Clearly, LeBron James’ visit was all the Jazz needed to save their December.
The King’s annual arrival with the Cleveland Cavaliers concluded the the Jazz’s toughest month of the schedule, during a week when they showed signs of having worn down and lost confidence after some disastrous showings on the road.
You never would have known what they’ve gone through lately, judging by this showing Saturday night at Vivint Smart Home Arena: Jazz 104, Cavs 101.
Wow. Where did that come from? Even during a first-quarter timeout, Jazz coach Quin Snyder was feeling overwhelmed. The volume of problems made him say to his players, “There’s too much for me to tell you.”
In the end, he had a long list of players to praise — starting with rookie guard Donovan Mitchell, who matched James with 29 points and delivered a driving layup in traffic, with Cleveland having stormed back to within one point in the last minute. “Obviously,” Snyder said, “a timely shot.”
Yeah, you could say that. How much did the Jazz need this victory? Going into Saturday’s game, they stood 4-10 in December, with a schedule judged as the most difficult any NBA team would face in any month this season. The Jazz lost so badly at Denver and Golden State right after Christmas that even Snyder, who never overreacts to anything, was acknowledging the potential effects of playing so many of the league’s best teams lately.
“We wouldn’t be human if you didn’t feel that on some level,” Snyder said before the game. “I do think this month will make us better, but that’s something that’s hard to hang onto. … I don’t sense us being incredibly despondent. But that doesn’t mean there’s not some psychological toll.”
That’s exactly what made this win so impressive. The Jazz could have wobbled when they trailed by 14 points in the second quarter, or when they lost nearly all of a 15-point lead in the second half. “We’ve just got a tough-minded group of guys,” Derrick Favors said. “We don’t let losing get us down.”
With his growth of a beard in its early stages, Snyder looks like someone who has wandered through the woods for a few days. That’s kind of what December has been like for his team.
The month sure ended well, though. Saturday’s outcome would seem more surprising, except the Jazz do this every year. Even some lousy Jazz teams in this decade have beaten LeBron’s Miami and Cleveland teams, with the team’s home-court streak now at seven wins against him.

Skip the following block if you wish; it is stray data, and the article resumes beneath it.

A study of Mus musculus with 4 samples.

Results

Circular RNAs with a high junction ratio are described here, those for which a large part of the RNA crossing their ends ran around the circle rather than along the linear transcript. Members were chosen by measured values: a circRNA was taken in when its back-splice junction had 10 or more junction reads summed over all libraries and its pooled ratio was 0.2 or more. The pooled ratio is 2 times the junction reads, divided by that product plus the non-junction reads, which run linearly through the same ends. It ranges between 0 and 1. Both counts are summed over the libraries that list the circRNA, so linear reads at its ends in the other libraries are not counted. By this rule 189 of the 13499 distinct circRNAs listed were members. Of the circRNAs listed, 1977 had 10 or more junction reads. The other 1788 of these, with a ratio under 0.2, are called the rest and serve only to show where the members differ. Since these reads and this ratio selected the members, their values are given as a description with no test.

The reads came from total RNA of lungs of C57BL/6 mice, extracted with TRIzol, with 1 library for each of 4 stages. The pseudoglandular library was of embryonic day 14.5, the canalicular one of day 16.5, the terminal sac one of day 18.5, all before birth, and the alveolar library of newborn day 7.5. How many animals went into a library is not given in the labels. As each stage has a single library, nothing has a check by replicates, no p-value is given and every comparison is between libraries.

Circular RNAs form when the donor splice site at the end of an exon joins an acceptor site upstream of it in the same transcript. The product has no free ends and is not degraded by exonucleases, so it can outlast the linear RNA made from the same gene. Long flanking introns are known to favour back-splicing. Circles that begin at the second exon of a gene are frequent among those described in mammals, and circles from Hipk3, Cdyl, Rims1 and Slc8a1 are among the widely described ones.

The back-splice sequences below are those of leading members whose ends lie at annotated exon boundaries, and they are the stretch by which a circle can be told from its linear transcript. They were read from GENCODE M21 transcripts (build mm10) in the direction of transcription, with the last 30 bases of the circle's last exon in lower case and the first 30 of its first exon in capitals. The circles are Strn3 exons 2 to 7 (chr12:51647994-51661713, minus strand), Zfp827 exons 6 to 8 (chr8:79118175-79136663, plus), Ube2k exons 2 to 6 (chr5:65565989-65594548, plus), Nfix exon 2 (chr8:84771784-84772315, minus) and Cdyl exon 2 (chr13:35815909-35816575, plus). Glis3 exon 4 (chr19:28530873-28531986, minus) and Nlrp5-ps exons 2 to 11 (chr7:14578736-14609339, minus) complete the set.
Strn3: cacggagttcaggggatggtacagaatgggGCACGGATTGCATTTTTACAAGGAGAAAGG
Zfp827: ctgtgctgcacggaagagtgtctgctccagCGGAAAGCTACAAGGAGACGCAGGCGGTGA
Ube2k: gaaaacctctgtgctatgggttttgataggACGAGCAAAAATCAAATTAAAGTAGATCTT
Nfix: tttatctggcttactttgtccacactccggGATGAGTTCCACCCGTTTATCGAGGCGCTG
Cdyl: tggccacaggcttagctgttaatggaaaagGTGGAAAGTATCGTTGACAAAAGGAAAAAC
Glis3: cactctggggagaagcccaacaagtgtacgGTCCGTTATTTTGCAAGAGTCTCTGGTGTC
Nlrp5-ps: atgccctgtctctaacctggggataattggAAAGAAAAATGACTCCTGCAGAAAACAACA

James was well aware of that history, addressing it after the morning shootaround on his 33rd birthday. And then he went out and scored 20 points in the first half, finishing with a tough turnaround shot at the buzzer for a 53-48 lead.
Suddenly, a Jazz team that’s known to fade in third quarters started dominating this exercise. They opened the period with a 23-3 run and led by 15 points. The Cavs cut the lead to seven by the end of the quarter, with James resting, and it became evident that the Jazz would have to earn the win.
They proceeded to do it. The Jazz had answers for everything LeBron threw at them in the fourth quarter, including a series of clutch baskets and assists from Mitchell, who outscored James 18-9 in the second half. In the game’s most critical sequence, the rookie missed a 3-point try, but then came back with his big drive before James somehow missed an inside shot.
Free throws took care of the other details, and the Jazz (16-21) could feel good about themselves after beating Boston, San Antonio and Cleveland in the second half of the month. Those intermittent breakthroughs kept their season from crumbling.
The Jazz managed to stay within 2½ games of New Orleans for the last playoff spot in the Western Conference, with the Pelicans coming to town Wednesday. They survived a month when Rudy Gobert appeared in only six games, while his teammates ran into one elite opponent after another.
Cleveland is one of them, and the Jazz competed favorably in two December meetings with the Cavs. They won the home half of that scheduling sequence – as always, and just in time.